On Friday, a multinational networking and Telecommunications company, Ericsson, said Nigeria ranked fourth among the top five countries with the highest net addition of mobile subscriptions in the first quarter of 2018.
Ericsson made this known in its global mobility report for June 2018 posted on its website.
The report says Nigeria had 3million in the first quarter compared to China which came first with 53million, followed by India with 16million, Indonesia 6million and Bangladesh 2 million.
The first quarter of 2018 saw the addition of 98 million new subscriptions, with China, India, Indonesia, Nigeria and Bangladesh leading the pack, the report said.
According to the mobility report, there are around 5.3 billion subscribers globally compared to 7.9 billion subscriptions.
Ericsson’s mobility report also forecast that there would be 8.9 billion mobile subscriptions by the end of 2023 globally.
Mobile broadband subscriptions will reach 8.3 billion, accounting for close to 95 percent of all mobile subscriptions, it added.
The report also said that the number of unique mobile subscribers was estimated to reach 6.1 billion by the end of the forecast period.
Mobile broadband would complement fixed broadband in some segments and would be the dominant mode of access in others, the report said.
It also said that the subscription for PCs and tablets with mobile capabilities were expected to show moderate growth reaching 320 million in 2023.
The report further said that smart phone penetration continues to rise, driven by the increasing affordability of devices.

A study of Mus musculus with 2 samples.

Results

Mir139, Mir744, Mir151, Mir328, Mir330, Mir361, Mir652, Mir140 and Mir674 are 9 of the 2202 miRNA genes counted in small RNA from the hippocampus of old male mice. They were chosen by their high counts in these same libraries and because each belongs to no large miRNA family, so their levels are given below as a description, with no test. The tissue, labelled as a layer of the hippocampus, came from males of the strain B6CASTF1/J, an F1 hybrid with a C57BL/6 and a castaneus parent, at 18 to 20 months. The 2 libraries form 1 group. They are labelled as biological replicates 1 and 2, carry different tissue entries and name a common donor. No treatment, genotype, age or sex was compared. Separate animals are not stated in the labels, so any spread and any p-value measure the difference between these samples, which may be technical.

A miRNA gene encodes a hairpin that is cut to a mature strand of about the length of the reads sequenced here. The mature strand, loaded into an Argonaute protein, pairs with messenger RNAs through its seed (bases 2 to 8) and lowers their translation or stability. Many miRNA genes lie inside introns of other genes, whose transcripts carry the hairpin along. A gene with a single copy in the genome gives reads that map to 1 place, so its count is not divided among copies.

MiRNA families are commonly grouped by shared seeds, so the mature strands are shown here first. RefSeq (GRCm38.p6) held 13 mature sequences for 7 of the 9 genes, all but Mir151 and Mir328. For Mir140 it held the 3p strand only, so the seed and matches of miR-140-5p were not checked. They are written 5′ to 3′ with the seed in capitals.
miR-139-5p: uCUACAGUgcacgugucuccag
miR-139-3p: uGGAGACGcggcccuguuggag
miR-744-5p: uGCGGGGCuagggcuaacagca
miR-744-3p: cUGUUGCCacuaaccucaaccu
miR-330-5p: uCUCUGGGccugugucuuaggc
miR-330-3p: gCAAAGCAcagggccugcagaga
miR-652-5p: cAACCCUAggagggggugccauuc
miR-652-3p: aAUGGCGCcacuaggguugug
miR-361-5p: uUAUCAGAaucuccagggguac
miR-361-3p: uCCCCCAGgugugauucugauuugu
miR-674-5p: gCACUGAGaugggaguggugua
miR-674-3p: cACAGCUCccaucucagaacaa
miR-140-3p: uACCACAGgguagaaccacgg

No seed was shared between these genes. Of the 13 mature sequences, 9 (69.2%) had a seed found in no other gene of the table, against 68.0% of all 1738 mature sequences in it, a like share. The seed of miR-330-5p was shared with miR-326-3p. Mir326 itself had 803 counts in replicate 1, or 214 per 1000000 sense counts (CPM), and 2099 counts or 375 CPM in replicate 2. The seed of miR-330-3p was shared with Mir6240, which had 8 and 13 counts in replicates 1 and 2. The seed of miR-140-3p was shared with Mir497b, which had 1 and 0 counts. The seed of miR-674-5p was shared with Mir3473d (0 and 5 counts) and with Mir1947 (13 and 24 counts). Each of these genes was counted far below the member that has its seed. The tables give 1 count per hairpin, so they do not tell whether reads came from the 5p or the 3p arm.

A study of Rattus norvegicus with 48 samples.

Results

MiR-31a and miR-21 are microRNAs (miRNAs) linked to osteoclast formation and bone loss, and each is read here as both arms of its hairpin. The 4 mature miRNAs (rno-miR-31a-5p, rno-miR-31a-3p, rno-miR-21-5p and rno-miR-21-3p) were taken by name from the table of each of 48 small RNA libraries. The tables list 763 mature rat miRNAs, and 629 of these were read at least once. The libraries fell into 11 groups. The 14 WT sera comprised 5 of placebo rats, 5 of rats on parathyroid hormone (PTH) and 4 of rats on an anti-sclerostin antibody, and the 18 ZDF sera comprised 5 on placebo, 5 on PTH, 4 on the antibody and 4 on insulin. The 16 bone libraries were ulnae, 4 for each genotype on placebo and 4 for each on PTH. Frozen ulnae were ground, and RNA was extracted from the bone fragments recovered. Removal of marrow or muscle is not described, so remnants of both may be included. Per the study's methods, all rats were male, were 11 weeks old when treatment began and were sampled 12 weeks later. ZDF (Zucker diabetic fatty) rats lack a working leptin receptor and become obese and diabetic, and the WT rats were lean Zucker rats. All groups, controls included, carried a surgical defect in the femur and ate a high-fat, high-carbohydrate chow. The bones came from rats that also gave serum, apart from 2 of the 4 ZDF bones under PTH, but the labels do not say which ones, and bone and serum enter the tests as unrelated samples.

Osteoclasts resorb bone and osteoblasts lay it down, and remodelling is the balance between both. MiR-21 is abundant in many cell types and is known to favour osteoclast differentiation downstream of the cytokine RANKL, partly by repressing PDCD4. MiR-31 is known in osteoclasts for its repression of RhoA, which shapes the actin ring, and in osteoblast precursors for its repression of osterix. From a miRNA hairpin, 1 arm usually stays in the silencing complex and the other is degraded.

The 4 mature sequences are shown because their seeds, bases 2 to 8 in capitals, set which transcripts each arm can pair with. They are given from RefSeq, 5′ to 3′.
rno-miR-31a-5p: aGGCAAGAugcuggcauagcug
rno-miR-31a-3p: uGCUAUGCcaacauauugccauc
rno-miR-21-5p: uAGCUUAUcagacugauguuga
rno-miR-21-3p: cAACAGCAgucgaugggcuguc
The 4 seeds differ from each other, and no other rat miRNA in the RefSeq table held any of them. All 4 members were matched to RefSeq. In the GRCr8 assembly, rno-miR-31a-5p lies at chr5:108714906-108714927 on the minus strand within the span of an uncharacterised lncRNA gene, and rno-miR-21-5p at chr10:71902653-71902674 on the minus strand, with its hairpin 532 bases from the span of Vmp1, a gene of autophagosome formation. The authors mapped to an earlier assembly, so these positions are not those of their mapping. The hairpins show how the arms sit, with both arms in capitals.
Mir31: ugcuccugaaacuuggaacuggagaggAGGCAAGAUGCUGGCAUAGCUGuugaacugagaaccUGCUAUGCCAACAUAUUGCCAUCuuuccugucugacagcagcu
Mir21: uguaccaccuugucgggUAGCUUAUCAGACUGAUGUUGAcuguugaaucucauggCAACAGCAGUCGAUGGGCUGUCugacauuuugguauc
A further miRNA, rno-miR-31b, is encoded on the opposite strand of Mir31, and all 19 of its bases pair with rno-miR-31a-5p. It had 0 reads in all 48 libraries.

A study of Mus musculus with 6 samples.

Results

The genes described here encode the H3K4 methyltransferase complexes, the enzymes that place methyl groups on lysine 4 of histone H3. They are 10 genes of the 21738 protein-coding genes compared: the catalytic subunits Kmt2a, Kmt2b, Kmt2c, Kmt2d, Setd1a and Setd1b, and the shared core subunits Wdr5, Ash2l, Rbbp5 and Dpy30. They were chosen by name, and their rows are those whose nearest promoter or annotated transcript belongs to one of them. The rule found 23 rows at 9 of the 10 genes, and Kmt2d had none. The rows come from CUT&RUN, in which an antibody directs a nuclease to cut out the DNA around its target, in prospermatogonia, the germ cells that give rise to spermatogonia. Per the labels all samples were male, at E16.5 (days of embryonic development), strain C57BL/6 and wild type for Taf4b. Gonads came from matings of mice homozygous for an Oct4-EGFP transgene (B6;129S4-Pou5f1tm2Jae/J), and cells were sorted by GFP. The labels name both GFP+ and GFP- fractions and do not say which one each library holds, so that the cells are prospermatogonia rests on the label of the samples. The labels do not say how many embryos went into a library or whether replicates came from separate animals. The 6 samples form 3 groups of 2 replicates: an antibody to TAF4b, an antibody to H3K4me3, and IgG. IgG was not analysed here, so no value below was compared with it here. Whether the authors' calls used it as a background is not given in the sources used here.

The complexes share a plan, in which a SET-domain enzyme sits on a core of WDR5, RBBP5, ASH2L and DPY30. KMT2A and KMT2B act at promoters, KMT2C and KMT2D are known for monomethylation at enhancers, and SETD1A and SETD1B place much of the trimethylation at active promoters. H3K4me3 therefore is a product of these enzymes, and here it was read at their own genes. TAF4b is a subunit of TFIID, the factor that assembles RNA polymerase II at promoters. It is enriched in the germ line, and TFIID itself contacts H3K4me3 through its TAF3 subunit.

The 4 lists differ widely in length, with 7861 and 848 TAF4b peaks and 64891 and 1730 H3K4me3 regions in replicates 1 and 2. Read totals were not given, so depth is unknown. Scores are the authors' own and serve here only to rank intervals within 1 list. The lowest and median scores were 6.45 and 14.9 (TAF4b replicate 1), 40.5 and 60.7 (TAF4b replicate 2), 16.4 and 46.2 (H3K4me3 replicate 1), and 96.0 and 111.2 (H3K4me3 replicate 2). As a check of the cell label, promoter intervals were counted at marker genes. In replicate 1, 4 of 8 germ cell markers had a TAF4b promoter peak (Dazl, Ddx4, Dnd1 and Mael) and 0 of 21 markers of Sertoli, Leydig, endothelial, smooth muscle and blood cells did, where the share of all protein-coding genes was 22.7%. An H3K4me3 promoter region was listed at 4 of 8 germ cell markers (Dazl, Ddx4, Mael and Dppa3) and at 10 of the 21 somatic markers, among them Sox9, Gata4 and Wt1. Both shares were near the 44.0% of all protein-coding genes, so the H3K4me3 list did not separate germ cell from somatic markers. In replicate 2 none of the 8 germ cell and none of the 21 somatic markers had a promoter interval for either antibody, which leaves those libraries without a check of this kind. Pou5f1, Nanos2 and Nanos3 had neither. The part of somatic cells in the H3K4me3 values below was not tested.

The report forecasts that the number of smart phone subscriptions would reach 7.2 billion in 2023 and almost all would be for mobile broadband.
It said the Middle East and Africa, which comprises of over 70 countries, at the end of 2017 had 20 percent mobile subscriptions for Long Term Evolution(LTE) while sub- Saharan Africa accounted for 5 percent LTE subscriptions.
The report also stated that the region was anticipated to evolve over the forecast period while 90 percent of subscriptions are expected to be for mobile broadband by 2023.
According to the mobility report, the driving force behind this shift include a young and growing population with increasing digital skills as well as more affordable smart phones.
The reports also stated that in the Middle East and North Africa, significant 5G subscription volumes are expected in 2021 and in Sub-Saharan Africa in 2022.
The Ericsson report further stated that first-generation 5G data-only devices are expected from the second half of 2018.
The first commercial smart phones supporting 5G in the mid-bands are expected early next year while support for very high spectrum bands is expected in early to mid-2019.